Women Starting Up in a Down Economy


It runs counter to every human intuition. But starting a company in a down economy is actually very logical from a pure economics perspective. First of all, it’s cheap. In a recession, there are many opportunities and deals to be had; you just need to remain calm and know where to look. Everyone is feeling the pain of this financial crisis. So, everything is negotiable. Rental space, equipment, labor and even inventory can be had at major discounts if you play your cards right.

Secondly, it’s a quiet time in the market. Established companies slash their marketing budgets at the first sign of recession, and they quite often lose customers as a result. That makes it the perfect time to grow organically and grab market share, especially if you’re competing on price. According to Inc. Magazine “Downturns are actually a great time to sign up new accounts. That’s because companies are examining every expense for ways to save. If you can offer a better price than their current vendor, you will have a decent chance of winning their business.”

For women long harboring secret desires to own a business, it’s a particularly attractive time to make the move. Women are already becoming business owners at a record rate.

The 2008 US census reported there are an estimated 10.1 million women owned firms, up from 6.4 million in 2002, an increase of 58% in the last six years. And with the economy in shambles…many women and mothers are trying to think of ways to help their families stay afloat. Big companies are tightening their belts, cutting budgets and jobs, and it is that much harder to get back into the work force, so there’s no place to go, but out on your own.

Plus, most female entrepreneurs tend to start small and grow their businesses slowly and organically, having little need for outside funding. Women, in general, tend to start more home-based or online businesses. These businesses have low start-up costs and tend to allow for a great deal of flexibility. This is a key factor in our current economic climate, where credit is hard to come by.

Here are some hard and fast rules to doing it yourself in a down economy:

Grow slowly and organically (because financing is hard to come by anyway). Start small. Test your products and services before you officially bring them to market. Reinvest your profits and work out the kinks before you expand.

Stay at home. Don’t run out and get that office space if you don’t absolutely need it. Keep your expenses to a minimum in the areas of your business that will not affect your product/service or brand image.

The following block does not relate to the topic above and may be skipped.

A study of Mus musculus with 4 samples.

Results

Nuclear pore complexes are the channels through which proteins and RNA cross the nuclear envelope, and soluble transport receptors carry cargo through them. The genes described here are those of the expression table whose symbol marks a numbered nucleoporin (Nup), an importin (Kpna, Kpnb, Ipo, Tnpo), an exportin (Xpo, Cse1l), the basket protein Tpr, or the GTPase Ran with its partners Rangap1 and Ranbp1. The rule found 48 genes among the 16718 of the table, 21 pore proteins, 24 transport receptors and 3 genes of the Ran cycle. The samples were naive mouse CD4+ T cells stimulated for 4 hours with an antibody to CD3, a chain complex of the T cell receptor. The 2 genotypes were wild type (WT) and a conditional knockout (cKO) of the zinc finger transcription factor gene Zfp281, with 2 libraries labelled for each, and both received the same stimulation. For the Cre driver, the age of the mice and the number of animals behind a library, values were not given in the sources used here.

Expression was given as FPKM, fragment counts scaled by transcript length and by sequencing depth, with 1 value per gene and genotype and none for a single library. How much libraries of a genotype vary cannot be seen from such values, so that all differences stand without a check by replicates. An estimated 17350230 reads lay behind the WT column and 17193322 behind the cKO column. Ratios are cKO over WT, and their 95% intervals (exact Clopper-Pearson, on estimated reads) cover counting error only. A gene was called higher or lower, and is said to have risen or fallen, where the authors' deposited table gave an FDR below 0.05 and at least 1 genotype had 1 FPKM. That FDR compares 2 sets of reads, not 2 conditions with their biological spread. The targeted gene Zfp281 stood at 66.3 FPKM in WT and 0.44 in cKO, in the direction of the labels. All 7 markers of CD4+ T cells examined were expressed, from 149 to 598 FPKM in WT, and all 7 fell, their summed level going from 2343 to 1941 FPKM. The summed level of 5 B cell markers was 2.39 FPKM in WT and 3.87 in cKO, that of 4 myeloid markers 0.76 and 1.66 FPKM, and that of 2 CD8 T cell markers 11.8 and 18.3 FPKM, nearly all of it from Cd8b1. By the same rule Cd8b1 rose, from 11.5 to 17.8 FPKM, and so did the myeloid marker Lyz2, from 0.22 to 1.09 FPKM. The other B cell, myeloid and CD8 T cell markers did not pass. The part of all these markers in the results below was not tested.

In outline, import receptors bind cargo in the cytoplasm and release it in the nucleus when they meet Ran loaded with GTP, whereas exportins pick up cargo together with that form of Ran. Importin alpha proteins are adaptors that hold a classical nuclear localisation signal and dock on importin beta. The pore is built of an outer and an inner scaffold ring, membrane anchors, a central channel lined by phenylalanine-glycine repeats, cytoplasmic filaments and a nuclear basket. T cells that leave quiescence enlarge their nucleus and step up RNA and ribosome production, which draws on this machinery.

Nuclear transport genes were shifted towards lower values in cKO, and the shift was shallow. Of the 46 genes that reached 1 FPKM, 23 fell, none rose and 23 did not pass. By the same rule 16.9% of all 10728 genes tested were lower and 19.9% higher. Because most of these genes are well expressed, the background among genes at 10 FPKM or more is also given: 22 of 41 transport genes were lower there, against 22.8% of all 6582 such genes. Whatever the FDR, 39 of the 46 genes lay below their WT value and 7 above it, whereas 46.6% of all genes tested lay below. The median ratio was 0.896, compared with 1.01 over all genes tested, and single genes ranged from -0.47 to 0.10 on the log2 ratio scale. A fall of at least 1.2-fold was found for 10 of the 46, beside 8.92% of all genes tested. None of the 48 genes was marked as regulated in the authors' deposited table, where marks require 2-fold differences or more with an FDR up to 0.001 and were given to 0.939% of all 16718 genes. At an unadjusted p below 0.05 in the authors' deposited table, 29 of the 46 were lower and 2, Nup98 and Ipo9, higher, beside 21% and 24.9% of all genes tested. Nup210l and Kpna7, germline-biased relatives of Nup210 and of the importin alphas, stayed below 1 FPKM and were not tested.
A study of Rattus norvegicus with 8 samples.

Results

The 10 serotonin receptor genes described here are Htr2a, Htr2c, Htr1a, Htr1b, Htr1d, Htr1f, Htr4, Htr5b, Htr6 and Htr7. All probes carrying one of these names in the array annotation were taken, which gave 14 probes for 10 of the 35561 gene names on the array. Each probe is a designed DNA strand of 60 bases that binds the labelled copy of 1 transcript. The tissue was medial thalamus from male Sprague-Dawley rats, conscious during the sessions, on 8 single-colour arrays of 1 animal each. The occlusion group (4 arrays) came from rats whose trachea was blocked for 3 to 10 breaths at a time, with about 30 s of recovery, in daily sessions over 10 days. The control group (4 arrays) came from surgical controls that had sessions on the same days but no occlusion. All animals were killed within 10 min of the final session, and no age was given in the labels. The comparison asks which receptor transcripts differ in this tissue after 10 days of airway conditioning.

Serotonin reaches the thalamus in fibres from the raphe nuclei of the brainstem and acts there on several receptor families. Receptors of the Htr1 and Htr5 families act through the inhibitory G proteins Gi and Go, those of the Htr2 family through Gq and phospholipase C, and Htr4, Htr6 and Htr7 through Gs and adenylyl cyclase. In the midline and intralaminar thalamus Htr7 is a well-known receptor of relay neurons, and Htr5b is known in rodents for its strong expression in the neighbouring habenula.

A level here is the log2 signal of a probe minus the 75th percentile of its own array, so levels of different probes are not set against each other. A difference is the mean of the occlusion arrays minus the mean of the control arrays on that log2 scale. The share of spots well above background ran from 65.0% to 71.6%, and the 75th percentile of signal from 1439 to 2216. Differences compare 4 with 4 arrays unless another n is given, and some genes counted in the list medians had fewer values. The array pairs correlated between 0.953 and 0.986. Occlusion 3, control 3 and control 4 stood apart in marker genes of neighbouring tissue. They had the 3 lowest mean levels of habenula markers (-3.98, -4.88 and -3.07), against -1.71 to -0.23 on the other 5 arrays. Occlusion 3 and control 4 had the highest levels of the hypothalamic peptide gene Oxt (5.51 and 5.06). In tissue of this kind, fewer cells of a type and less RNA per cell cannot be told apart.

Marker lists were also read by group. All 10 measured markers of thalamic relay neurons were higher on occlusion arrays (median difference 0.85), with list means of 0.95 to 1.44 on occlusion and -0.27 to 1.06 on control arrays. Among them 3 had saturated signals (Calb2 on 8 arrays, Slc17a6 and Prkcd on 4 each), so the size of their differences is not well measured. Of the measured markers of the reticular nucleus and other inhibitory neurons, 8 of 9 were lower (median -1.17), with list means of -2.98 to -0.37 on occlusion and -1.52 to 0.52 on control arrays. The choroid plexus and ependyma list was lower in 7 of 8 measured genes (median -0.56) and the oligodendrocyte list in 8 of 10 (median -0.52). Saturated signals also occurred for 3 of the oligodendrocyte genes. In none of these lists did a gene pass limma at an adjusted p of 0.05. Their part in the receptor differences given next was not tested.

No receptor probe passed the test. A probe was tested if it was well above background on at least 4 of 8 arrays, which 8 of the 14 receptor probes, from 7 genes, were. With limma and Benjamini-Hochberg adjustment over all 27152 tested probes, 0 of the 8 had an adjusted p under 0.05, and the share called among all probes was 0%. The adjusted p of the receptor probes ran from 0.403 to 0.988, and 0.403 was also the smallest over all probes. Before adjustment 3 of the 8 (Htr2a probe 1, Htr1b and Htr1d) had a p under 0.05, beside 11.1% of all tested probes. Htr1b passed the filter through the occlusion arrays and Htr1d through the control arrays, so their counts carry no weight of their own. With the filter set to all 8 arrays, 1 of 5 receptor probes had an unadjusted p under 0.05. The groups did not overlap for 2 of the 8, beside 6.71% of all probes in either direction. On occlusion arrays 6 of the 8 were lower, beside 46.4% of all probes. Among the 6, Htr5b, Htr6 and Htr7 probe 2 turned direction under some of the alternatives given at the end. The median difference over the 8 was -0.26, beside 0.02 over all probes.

Go online. Use the web as your store front as well as a marketing tool. Start up costs are minimal and acquiring customers through blogging and social networking is fast, and easy. Rent can be one of your biggest expenses, so if you can do without the physical space or store front, then by all means “go on line, baby”.

Offer value products or services or add value to existing products and services. Consumers are very careful with how they are spending their dollars these days, so if you can offer something they really want for less money or give them more for the same price, they will most likely buy from you.

Get creative (network, partner, find customers the cheap way). Network with anyone and everyone you can think of. You never know who you may meet or who you already know that can help you and your business. And while you are networking, look to partner or share customer lists with non-competing, like businesses. Maybe plan a promotion or event together to help benefit both businesses.

Advertise. The first thing that most companies cut in a recession is their marketing budgets. Ads will never be cheaper than they are right now. And customer acquisition is the name of the game in the beginning. As other companies slow down their marketing efforts to cut back on expenses, you are in prime position to grab some valuable market share. Look to cut corners elsewhere, not here.

If you are planning on taking the leap, remember not to let a pesky old recession stand in the way of your dreams coming true. Visit us at www.nedandshell.com for small business advice, success stories, resources and networking. And don’t forget to use the ultimate entrepreneur’s guide book and planner to get you through Sixteen Weeks to Your Dream Business.

What are you sixteen weeks away from?

Nada Jones is an entrepreneur, author and activist. She is the Founder/CEO and Editor-in-Chief of ltd365.com, ltdLIVE and ltdMAG. Jones has spent over a decade working with entrepreneurial women and has leveraged her experience and connections to create the ltd multimedia platform for those ready to launch their dream ventures. Her goal is to inspire women to "start something that makes a difference" in their lives and the lives of others. Nada is the co-author of Sixteen Weeks to Your Dream Business: A Weekly Planner for Entrepreneurial Women, published by McGraw-Hill in August 2008. She is passionate about creating entrepreneurial opportunities for women in developing countries and is an advisor and committee member to several non profits that are committed to supporting underserved women.